Lucia’s tears last week and spunky Kuku’s comment today (as he tried to distract me from the fact he wasn’t doing his work with tangents about Willy Wonka and American traditions) that went “I know I have to do homework, but it’s just so boring and stupid,” left me worrying about the possibility of these kids becoming adults who avoid reading at all costs. I thought about the parents of many of the children in the club–hard working and responsible adults struggling to conceal illiteracy. They might be out of practice, have left school early in order to become breadwinners, or slid through the cracks of a school system that failed to meet their individual learning needs. They are unable to help their children who come home with sheets of maths problems and sentences to write (in English and Irish.) They are likely ashamed and frustrated–living their lives in constant aversion of written words. In the most severe cases, adults are unable to read medical prescriptions or safety signs. Through illiteracy, they lose a sense of control.
According to Ireland’s National Adult Literacy Agency(NALA,) nearly 1 in 4 Irish adults has problems reading or writing. The 30-year old organization aims to raise awareness about this important issue– implementing “a nationwide awareness raising campaign on adult literacy services, new teaching methods, policy on good adult literacy work and organised events for adult literacy students and volunteer tutors.”They have three main objectives:
- Policy- National Adult Literacy programs sponsored and supported by the state
- Practice- Developing programs with integrated learning approaches
- Access- Convenient and easy access to services (without the stigma)
Reading through NALA’s evidence based research, positive results, and view of their program as a “social movement,” I was impressed with how holistic their approach is. Understanding the widespread causes of adult illiteracy and the boundaries built by society that prolong them, NALA works with an eye toward systems change. They recognize (refreshingly) that adult literacy must be defined and taught much differently than child literacy. In their program, adult literacy is defined;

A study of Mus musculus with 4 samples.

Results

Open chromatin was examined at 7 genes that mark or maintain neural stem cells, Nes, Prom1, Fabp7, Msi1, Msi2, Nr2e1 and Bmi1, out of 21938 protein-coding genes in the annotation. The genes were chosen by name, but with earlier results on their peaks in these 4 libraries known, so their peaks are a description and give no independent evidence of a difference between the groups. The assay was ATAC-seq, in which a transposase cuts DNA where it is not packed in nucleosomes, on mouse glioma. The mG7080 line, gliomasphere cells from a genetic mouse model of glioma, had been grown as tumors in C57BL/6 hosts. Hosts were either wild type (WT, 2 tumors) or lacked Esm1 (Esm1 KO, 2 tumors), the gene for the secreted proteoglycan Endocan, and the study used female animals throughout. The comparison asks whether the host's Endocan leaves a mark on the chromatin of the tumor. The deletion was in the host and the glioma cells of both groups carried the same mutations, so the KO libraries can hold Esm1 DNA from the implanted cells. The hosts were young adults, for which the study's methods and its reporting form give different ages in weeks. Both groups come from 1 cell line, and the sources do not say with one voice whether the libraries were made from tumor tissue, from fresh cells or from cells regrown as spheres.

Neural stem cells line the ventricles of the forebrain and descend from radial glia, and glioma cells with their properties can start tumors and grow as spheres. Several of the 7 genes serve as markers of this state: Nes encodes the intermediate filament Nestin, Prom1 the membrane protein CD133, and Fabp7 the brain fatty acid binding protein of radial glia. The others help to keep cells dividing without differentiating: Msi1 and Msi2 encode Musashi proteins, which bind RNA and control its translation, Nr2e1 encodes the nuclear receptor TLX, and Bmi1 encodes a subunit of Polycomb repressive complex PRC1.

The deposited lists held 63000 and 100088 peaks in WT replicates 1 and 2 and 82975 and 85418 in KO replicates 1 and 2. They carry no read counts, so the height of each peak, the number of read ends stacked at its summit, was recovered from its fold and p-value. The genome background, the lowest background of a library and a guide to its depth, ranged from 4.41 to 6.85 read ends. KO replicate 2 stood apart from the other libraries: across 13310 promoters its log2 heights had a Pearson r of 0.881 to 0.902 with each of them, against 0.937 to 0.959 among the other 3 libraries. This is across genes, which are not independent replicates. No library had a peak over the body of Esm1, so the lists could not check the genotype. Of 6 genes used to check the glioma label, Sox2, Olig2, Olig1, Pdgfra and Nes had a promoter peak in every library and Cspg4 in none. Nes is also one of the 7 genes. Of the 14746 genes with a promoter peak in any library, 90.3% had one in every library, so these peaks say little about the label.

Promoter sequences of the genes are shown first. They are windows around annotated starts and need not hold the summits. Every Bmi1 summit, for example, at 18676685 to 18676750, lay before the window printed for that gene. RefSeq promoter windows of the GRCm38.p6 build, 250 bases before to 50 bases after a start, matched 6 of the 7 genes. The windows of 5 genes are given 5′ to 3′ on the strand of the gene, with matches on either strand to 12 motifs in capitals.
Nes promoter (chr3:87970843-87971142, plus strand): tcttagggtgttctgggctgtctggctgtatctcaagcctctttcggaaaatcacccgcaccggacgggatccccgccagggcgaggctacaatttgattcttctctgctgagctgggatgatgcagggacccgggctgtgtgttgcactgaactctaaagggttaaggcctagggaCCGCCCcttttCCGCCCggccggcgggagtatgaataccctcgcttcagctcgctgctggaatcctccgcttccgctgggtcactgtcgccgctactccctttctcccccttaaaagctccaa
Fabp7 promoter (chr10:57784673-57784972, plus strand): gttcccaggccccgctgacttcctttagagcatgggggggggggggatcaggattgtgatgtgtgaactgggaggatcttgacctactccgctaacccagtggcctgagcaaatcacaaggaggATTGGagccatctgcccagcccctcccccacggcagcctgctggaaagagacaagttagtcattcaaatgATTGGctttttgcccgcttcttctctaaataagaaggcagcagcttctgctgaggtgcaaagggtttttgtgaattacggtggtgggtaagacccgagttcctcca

Adult learning is a very different experience to school. Adult learning is all about addressing the needs of the learner, working at a pace that suits them and mapping out a learning path that fits in with their life and interests. The important thing to remember is that it is never too late to return to learning and the benefits are well worth it.
Working to build confidence in adults, encourage the government, schools, tutors, teachers and community to support adult literacy needs, and offering programs both online and by phone in order to offer services conveniently and discreetly to adults, NALA seems to think of everything.
The subject of adult illiteracy is often an emotional one. It is never taken lightly, and has been overlooked for decades–justified with the assumption that those who cannot read do not want to and do not need to. They are the ones who work with their hands and raise children to do the same. This is not a fair assumption or necessarily an ethical one. Is literacy a right as NALA claims? At first I believed this made perfect sense. Everyone deserves the opportunity to be able to read. It is necessary to function fully in society. But still, we might wonder about the choice to be illiterate. The phrase sounds strange, but it has some truth. There are adults who do not wish to be literate (or at least they claim it has no purpose.) I think of a recent clip I witnessed on the show “My Big Fat Gypsy Wedding”–a reality TV version of a documentary about the Traveller community in the UK. One father, clad in a white cotton tank top, declared the lessons of school useless. He had deliberately pulled his children out of the school system at age 12–declaring that they learned more working in the family business than sitting in a classroom all day. How might we interpret this choice? Should we honor it, or demand that the child be part of a system that will (or should) ensure that she or he will not meet the same illiterate fate of their parents? Where do we draw the line?
The services of NALA are currently voluntary. They exist for adults who identify with a national campaign and actively seek out the opportunity to re-learn what has been lost or never taught. Will there come a time when they are mandatory? Or will they be deemed unnecessary when the next generations are not allowed to slip through the cracks?